Over the past number of months, declassified evidence of UFO encounters involving military personnel have been released by the Defense Department and the To the Stars Academy of Arts and Science, in the form of gun-camera videos from fighter aircraft of airborne objects that exhibited performance capabilities that far exceeded what our current technology is capable of. These videos chronicled three separate incidents that occurred between 2004 and 2015, but according to former Deputy Assistant Secretary of Defense for Intelligence Christopher Mellon there have been at least a dozen such incidents that have been confirmed to have occurred since then. In a recent Washington Post Outlook article, Mellon describes the puzzling state of the US government’s response to the UFO phenomenon from the point of view of both an insider and private contractor — and why the lack of a coherent response on the part of the government could be dangerous.

Christopher Mellon served as Deputy Assistant Secretary of Defense for Intelligence under both the Clinton and Bush administrations, and is currently an advisor to the To the Stars Academy for Arts and Science. According to his article, Mellon started investigating the issue of UFOs after the 2004 incident involving an intercept by F/A-18s from the USS Nimitz was brought to his attention. During his run as an intelligence official, he has had numerous meetings with senior Pentagon officials on the subject, and since entering the private sector he has continued to meet with military personnel that have had encounters with UFOs. But despite the sheer number of encounters being reported by the military, Mellon found that there is no coordinated effort to investigate the phenomenon, with each case being treated as an isolated incident. He found that this lack of an overall plan is due to the cultural attitude toward UFOs within the military and intelligence communities, in that "nobody wants to be “the alien guy” in the national security bureaucracy; nobody wants to be ridiculed or sidelined for drawing attention to the issue. This is true up and down the chain of command, and it is a serious and recurring impediment to progress."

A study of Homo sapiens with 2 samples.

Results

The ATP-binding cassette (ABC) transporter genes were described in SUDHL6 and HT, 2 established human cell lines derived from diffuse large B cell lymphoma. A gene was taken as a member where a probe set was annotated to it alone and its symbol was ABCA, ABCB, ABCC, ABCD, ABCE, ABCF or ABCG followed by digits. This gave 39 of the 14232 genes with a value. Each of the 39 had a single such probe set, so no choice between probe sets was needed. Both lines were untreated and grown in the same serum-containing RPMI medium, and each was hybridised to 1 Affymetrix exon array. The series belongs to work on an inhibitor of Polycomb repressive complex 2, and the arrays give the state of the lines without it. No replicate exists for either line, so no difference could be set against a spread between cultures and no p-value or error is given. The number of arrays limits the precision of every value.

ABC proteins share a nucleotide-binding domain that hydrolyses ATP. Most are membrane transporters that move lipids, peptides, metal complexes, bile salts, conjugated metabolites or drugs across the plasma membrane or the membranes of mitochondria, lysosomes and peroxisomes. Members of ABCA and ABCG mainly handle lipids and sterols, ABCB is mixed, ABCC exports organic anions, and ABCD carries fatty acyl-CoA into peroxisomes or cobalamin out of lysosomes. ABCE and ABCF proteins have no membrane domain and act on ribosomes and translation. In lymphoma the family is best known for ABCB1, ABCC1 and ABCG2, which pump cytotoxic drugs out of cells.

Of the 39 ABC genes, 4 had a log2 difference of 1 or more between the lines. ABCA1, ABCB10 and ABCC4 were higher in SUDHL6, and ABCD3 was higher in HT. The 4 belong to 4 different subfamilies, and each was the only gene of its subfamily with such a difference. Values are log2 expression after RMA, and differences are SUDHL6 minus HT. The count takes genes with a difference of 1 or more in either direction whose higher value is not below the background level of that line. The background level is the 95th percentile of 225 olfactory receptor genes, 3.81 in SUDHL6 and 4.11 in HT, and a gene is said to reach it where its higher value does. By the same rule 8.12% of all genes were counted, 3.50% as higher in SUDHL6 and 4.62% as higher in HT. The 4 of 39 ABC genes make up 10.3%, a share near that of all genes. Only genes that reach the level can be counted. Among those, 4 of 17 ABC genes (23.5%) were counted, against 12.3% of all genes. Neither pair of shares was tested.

And the UFO issue, according to Mellon, is indeed one of national security, the priority of which should be considered paramount: in the unlikely event that these objects represent major technological leaps forward by China or Russia, that means that the US is lagging far behind its traditional adversaries; "Or, if these craft really aren’t from Earth, then the need to figure out what they are is even more urgent," Mellon warns.

Needless to say, funding such a coordinated endeavor is not an issue, given the massive amount of money allocated to our military and intelligence establishments; rather, Mellon says that the culture of our officials living with their heads in the sand regarding UFOs needs to end, and that "it is time to set aside taboos regarding “UFOs” and instead listen to our pilots and radar operators." Toward that end, he also recommends that "the task needs to be assigned to an official with the clout to compel collaboration among disparate and often quarrelsome national security bureaucracies," making use of information gathered from "infrared satellite data, NORAD radar databases, and signals and human intelligence reporting."

"Congress should require an all-source study by the secretary of defense while promoting research into new forms of propulsion that might explain how these vehicles achieve such extraordinary power and maneuverability."

Mellon points out that there is a puzzling disparity between the US government’s treatment of the UFO phenomenon and its response to other events throughout history, such as the launch of the Sputnik 1 satellite by the Soviet Union in 1957: the revelation that Soviet technology was ahead of that of the United States’ sparked the space race, that reached a crescendo with the first lunar landing a mere 12 years later. But aside from comparatively modest research projects such as the now-defunct Pentagon intelligence program formerly run by Luis Elizondo, and private contracts like the one awarded to Bigelow Aerospace, the awareness of such a dramatic technological disparity represented by the UFO phenomenon appears to have remained unaddressed for the last half century.

But where does this head-in-the-sand attitude truly stem from? The established culture of ridicule and denial regarding UFOs? The potential inability of the military to protect our skies and bedrooms from unknown intruders? Regardless of the root cause, Mellon warns that the issue of national security is not the only concern, but the potential loss of a valuable opportunity to glean game-changing insights from studying the UFO phenomenon.

"As with Sputnik, the national security implications of these incidents are concerning — but the scientific opportunities are thrilling," Mellon concludes. "Who knows what perils we may avoid or opportunities we might identify if we follow the data? We cannot afford to avert our eyes, given the risk of strategic surprise.

"The future belongs to not only the physically brave but also the intellectually agile."